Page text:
Interesting Facts About Gold
“Not all that shimmers is gold” is an oft-quoted adage. Maybe you’d like to learn a little more about gold before you walk into a gold shop the next time. It will help you make an authentic and valuable purchase.
Gold is a chemical compound, with symbol Au and numbered 79 on the atomic chart. It isn’t as chemically reactive as other metals. Gold is an extremely malleable metal, which means it can be beaten into any shape and form. Pure gold is 24K, and gold alloys or mixtures of gold with other metal impurities are measured in Carats(k).
Gold came into the earth some 200 million years after its creation, in the form of meteorites. Gold has historically been perceived as a symbol of wealth. Over the years, it has been used to create jewelry, coins, and precious art, as witnessed in the masks of Egyptian pharaohs.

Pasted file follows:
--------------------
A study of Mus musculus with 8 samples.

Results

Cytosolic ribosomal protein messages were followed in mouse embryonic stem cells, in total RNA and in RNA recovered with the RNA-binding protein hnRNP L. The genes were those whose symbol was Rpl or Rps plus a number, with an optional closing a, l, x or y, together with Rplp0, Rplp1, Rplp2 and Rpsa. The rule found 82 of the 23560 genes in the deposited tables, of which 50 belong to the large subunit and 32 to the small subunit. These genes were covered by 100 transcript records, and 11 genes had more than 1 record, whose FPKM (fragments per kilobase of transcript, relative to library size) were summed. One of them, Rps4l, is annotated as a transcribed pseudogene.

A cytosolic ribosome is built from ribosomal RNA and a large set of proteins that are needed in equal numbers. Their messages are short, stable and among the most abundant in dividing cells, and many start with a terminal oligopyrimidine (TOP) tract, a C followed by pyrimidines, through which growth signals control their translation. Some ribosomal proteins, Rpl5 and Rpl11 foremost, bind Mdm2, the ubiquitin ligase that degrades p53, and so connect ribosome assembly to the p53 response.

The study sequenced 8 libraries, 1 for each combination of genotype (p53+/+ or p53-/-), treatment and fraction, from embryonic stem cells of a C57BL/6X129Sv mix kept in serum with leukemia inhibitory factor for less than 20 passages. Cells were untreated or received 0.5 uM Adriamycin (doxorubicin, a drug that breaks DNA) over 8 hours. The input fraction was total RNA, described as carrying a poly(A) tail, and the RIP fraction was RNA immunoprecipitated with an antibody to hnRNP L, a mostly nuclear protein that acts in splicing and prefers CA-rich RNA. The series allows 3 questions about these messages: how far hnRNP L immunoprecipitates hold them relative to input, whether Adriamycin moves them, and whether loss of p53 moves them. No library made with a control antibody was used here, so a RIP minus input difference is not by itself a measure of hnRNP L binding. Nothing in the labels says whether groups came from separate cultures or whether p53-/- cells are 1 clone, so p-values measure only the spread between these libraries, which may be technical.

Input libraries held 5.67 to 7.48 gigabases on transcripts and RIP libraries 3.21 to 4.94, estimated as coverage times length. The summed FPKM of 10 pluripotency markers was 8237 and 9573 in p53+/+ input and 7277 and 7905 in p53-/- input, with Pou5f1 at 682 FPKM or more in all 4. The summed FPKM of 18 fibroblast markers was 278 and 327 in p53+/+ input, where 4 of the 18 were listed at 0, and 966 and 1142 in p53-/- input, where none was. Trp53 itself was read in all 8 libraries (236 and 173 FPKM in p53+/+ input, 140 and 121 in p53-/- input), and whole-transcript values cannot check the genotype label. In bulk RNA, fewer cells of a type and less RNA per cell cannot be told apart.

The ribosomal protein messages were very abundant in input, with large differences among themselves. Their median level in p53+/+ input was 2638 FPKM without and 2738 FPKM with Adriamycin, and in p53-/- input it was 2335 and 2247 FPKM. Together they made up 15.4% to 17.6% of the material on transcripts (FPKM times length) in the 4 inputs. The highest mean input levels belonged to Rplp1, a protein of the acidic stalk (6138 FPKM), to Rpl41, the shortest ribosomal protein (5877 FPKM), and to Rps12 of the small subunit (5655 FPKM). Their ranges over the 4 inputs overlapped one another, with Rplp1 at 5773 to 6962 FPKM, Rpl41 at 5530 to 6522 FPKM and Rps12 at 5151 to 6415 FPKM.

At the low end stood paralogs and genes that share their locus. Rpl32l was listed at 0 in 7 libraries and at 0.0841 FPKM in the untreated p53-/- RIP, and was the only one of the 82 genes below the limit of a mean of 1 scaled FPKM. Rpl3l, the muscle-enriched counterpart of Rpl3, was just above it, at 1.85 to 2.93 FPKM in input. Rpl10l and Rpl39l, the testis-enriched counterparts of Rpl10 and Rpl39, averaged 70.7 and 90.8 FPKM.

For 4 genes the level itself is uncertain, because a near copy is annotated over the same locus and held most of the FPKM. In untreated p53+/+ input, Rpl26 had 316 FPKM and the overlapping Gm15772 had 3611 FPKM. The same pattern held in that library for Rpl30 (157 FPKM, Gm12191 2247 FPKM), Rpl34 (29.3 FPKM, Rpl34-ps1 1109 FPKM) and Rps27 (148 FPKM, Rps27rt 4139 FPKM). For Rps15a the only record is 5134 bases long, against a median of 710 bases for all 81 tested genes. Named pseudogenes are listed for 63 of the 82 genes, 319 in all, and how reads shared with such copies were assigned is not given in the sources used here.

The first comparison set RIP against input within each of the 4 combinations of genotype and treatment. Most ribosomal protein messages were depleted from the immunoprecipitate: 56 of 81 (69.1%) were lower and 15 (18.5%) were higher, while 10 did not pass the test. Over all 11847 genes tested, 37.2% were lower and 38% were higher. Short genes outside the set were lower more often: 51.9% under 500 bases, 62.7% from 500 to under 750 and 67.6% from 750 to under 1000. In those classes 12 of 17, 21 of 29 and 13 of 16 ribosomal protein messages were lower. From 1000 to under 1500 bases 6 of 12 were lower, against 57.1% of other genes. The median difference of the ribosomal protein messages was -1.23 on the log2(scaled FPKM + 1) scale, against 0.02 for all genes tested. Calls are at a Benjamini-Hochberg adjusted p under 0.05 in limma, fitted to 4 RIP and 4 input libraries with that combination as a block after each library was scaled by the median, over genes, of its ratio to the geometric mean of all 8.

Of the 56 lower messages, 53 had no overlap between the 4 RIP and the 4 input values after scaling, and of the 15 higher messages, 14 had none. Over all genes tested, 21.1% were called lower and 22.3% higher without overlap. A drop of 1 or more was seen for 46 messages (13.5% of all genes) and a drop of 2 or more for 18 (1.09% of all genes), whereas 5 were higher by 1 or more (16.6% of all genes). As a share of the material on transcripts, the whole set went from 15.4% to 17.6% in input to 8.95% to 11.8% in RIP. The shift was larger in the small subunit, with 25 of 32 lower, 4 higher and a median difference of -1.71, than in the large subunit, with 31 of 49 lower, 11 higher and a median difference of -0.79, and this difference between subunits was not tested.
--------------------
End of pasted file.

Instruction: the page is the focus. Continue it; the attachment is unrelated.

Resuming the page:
Gold is primarily used in three ways today – for personal use or commercial use in the form of bars and coins, to make valuable adornments for ownership and gifting purposes and finally, for industrial and electronic usage i.e., laptops, dental appliances, surgical instruments are all made of at least a minimum percentage of gold. Africa is the largest producer of gold and India, the largest consumer.
Gold And Money
One of the most interesting things about gold is trying to determine how much gold exists on planet Earth and how much has already been mined. Of course there are various agencies that claim to have very specific answers, but they all have their own agendas and serve certain masters. Plus, there is that pesky issue of gold being replaced by swindlers with tungsten, an issue that has plagued even the most “sophisticated” and “prestigious” investors and professionals.
There is also the fact that gold is present on asteroids and other objects in space. This raises the issue of exactly how scarce it is and makes more people consider avoiding gold in favor of Bitcoin. When you look at the truth in terms of how banks create debt based money, there is a definite need for protecting wealth and purchasing power.